Churchs Ferry residents to vote January 10 on future

CHURCHS FERRY, N.D. (AP) — The four remaining households in the flood-threatened North Dakota community of Churchs Ferry are split on whether to dissolve the town. They will settle the matter early next year in a special election in which fewer than 10 people are eligible to vote.

CHURCHS FERRY, N.D. (AP) — The four remaining households in the flood-threatened North Dakota community of Churchs Ferry are split on whether to dissolve the town. They will settle the matter early next year in a special election in which fewer than 10 people are eligible to vote.

The Ramsey County Commission has set a Jan. 10 date for the election in the century-old city, the Grand Forks Herald reported (http://bit.ly/uu0GwV ) Tuesday. The move came after four of the town's nine voting-age residents filed a petition seeking an election on whether to continue as an incorporated city.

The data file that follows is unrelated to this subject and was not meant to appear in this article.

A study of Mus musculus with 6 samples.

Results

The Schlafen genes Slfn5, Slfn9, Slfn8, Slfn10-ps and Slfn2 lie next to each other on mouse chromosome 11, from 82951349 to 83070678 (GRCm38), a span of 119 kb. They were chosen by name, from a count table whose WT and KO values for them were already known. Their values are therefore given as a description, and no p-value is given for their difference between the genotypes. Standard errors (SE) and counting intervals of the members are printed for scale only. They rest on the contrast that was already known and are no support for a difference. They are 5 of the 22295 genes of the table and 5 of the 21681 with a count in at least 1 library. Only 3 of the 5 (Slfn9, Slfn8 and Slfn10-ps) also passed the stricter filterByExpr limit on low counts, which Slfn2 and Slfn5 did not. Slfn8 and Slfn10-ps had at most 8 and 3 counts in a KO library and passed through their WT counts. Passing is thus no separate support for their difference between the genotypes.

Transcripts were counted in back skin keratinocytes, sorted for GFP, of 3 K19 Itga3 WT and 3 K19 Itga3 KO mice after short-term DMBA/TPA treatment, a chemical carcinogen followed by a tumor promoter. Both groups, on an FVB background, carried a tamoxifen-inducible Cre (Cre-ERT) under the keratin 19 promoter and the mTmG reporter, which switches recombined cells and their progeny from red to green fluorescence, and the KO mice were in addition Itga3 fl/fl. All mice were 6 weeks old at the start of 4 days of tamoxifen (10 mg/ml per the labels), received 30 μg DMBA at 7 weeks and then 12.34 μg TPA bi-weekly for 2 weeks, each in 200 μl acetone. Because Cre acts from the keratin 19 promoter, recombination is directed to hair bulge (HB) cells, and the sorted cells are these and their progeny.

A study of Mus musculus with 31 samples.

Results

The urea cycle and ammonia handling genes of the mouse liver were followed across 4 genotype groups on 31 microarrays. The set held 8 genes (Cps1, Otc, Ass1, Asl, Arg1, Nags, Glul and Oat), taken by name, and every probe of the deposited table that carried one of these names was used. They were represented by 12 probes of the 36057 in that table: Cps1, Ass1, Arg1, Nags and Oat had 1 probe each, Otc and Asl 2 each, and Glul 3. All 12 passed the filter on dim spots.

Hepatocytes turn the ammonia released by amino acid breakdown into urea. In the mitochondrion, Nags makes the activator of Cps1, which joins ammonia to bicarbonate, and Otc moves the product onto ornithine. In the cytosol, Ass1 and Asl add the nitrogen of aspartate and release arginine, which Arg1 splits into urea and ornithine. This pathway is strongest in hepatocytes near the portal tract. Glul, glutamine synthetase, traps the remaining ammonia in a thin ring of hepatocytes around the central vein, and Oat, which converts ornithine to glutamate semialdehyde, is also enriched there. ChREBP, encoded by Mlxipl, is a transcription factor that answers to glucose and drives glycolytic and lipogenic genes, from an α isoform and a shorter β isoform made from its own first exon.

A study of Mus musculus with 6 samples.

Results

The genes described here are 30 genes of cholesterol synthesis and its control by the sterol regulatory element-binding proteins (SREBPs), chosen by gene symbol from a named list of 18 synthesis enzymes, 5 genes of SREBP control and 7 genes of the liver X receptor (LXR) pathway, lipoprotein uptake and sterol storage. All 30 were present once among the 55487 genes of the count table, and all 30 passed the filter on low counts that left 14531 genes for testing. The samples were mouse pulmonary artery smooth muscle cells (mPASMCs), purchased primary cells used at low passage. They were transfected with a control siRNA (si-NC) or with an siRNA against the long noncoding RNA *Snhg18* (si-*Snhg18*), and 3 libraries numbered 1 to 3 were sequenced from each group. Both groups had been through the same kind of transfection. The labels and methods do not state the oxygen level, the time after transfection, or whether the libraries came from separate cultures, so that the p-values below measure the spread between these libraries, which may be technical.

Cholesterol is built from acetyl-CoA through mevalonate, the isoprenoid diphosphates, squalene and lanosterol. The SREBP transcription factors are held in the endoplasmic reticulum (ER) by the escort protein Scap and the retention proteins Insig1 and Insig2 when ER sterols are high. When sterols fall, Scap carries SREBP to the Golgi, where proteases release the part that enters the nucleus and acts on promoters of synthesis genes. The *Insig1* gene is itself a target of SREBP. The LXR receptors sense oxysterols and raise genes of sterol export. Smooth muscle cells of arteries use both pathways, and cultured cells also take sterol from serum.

If the city remained incorporated it could continue collecting taxes for services. Petitioners said the city provides only two services — trash collection and street maintenance — and that township or county services might be better.

Churchs Ferry was incorporated in 1897 and had a peak population of 457 people 13 years later. The federal government bought out most residents in 2000 because of the encroaching Devils Lake, which has quadrupled in size after nearly two decades of wet weather and continues to expand. Only a dozen people remain in the town. It had 100 people before the buyout in which most residents moved to area communities.

The town's biggest business, the local grain elevator, moved a few miles west to rural Leeds in 2001. The town's last church closed last May when its sewer system was inundated by floodwaters.